Initial Operational Capability (IOC):
Also Known As: ABL
Origin: United States of America
Boeing*, Lockheed Martin (nose-mounted turret and beam control/fire control system) and Northrop Grumman (high-energy laser and beacon illuminator laser) (*) lead contractor
Parent System: YAL-1A
Initial Operational Capability (IOC): 2007
Total Production: ?
There are no reviews so far
Description: The YAL-1A is a modified Boeing 747-400F freighter with a chemical Oxygen Iodine megawatt-class laser and advanced sensors and payloads designed to autonomously detect, track, and destroy theater ballistic missiles in the boost phase. The YAL-1A being developed under the Airborne Laser (ABL) program will operate above the clouds, where it will detect, track and destroy ballistic missiles employing its high energy laser. The US Air Force could purchase up to seven YAL-1A aircraft if demonstration is completed successfully. This aircraft will be able to destroy ballistic missiles at hundreds of kilometers away in the boost phase of flight.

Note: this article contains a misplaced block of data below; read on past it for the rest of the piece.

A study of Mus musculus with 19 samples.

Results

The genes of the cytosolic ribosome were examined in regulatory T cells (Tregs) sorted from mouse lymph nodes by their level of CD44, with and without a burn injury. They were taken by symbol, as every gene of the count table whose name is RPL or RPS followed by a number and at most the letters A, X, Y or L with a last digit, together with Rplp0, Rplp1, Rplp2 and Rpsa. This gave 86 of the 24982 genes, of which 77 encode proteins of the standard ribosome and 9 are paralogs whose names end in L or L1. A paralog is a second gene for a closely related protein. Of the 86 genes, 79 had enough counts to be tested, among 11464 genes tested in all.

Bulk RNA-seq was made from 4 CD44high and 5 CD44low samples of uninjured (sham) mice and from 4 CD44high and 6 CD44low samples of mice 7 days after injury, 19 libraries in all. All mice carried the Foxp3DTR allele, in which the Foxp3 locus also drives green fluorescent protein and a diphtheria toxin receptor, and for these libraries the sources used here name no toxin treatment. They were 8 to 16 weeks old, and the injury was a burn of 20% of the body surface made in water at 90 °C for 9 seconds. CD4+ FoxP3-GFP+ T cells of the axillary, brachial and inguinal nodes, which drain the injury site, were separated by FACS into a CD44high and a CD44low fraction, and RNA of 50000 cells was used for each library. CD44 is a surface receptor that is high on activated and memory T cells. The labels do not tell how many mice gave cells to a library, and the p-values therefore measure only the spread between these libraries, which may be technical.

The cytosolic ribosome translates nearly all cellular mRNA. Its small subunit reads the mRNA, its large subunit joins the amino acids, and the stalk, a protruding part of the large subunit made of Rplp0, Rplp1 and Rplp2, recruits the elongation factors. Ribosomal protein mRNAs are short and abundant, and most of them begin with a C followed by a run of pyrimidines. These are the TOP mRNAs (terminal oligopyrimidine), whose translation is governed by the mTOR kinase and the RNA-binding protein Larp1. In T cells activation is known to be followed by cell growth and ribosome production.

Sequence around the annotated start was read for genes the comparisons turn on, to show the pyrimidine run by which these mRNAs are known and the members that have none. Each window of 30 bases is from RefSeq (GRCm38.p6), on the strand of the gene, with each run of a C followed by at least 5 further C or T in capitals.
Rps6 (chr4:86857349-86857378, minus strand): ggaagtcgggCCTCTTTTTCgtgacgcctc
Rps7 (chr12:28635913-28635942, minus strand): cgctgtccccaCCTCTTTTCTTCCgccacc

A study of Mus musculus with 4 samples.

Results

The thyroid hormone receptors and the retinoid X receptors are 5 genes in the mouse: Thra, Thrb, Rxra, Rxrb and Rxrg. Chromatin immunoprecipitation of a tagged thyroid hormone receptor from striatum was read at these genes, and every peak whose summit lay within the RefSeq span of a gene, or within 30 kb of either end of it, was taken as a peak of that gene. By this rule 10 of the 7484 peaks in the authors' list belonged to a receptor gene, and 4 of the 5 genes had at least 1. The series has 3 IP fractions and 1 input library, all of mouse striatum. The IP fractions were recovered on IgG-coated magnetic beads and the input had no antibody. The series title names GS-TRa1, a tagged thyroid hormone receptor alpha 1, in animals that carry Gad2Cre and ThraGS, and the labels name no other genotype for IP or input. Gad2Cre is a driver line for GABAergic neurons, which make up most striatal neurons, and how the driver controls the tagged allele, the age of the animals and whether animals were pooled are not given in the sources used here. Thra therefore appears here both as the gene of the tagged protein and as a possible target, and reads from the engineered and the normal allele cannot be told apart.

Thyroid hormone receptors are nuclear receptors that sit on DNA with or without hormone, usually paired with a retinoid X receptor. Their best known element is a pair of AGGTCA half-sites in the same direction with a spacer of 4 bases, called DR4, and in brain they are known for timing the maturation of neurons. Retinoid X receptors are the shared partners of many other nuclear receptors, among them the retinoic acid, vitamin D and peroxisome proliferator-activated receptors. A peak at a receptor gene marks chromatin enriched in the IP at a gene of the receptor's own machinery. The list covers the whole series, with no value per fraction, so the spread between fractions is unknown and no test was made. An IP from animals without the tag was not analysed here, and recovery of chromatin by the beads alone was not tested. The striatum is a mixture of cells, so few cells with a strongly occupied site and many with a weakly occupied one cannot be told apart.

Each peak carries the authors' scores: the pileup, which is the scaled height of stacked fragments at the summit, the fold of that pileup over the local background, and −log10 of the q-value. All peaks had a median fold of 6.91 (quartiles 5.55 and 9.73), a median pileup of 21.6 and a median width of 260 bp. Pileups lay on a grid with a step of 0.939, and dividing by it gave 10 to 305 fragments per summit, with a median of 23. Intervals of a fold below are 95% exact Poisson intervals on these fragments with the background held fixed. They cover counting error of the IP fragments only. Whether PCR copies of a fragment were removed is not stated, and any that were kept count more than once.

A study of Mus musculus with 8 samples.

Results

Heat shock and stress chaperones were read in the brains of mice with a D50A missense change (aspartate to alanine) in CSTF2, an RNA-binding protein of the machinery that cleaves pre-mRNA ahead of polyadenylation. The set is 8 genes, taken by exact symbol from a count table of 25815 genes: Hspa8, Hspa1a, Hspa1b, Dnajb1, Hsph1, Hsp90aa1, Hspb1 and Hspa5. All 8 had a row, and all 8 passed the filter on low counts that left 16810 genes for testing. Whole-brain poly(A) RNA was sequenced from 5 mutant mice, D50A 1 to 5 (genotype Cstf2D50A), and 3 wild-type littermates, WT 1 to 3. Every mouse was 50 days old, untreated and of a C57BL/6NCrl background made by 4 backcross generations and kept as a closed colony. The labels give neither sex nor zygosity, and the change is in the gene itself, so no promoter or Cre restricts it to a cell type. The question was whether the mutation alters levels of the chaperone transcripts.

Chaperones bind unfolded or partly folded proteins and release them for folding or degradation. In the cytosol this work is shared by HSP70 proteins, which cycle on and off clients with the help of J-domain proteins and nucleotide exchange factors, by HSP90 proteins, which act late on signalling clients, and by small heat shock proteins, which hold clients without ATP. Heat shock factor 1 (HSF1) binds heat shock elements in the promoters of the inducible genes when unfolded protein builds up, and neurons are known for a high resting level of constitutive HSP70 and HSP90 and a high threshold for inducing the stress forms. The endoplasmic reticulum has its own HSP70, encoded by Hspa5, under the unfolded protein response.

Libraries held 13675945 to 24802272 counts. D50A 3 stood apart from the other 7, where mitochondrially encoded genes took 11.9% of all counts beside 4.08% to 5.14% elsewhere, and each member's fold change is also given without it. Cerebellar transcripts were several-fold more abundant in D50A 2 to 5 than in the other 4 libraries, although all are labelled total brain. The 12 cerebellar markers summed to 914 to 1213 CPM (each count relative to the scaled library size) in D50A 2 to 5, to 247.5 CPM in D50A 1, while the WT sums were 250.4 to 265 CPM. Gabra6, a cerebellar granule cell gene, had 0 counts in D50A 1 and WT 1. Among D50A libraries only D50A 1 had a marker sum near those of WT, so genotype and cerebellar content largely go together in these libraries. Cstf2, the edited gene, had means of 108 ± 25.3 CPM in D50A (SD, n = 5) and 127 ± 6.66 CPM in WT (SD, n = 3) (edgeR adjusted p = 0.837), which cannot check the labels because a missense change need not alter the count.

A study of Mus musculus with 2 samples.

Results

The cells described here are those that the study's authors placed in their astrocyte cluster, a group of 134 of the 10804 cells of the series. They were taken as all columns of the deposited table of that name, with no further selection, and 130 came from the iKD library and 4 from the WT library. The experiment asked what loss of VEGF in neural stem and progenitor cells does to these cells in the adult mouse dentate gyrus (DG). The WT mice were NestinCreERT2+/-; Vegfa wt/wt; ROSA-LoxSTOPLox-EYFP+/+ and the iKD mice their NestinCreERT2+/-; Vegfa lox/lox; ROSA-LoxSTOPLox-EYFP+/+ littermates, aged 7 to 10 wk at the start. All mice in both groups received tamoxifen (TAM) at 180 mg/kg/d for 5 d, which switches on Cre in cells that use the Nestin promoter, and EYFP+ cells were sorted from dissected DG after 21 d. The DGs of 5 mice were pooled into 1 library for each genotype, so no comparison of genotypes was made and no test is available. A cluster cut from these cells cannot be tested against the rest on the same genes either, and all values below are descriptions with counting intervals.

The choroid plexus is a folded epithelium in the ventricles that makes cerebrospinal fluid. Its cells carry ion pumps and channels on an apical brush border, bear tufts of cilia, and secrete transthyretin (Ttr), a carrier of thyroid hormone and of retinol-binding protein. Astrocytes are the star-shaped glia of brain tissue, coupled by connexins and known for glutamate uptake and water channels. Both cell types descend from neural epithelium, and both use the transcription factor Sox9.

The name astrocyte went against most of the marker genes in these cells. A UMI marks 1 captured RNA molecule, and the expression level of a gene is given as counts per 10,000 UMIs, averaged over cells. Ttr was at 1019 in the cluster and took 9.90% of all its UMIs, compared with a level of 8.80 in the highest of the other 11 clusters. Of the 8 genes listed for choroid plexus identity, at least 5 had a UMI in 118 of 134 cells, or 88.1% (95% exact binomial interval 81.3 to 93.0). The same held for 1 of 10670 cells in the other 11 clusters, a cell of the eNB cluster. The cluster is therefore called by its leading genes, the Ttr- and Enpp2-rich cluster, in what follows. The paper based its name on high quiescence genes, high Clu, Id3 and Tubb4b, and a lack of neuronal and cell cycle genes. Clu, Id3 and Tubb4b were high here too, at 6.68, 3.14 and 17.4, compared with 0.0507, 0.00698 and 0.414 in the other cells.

Lockheed-Martin, Northrop-Grumman and Boeing form team ABL. The US Air Force awarded a $1.1 billion contract in November 1996 to team ABL to build and test an ABL megawatt-class laser weapon system, now YAL-1A. The YAL-1A has a nose-mounted turret which houses a rotating 1.5m telescope used for target acquisition and beam direction. Lockheed-Martin IRSS sensor will provide detection and targeting capability, while Northrop-Grumman, formerly TRW, will provide the high-energy laser. Boeing will provide 747-400F airframe.
On November 3, 2004, ABL program marked an important milestone with Lockheed-Martin delivering the airborne laser flight turret assembly (FTA) to Edwards Air Force Base, California. The ABL program is now managed by the Missile Defense Agency (MDA). The MDA performed the first laser fire test November 12 the same year at Edwards Air Force Base ABL Integration Lab. The first YAL-1A ABL test aircraft equipped with the integrated battle management and Beam Control/Fire Control (BC/FC) systems flew for the first time at Edwards Air Force Base, California, on December 3, 2004. The ABL program was cancelled by the US Air Force in February 2012 due to the lack of funding.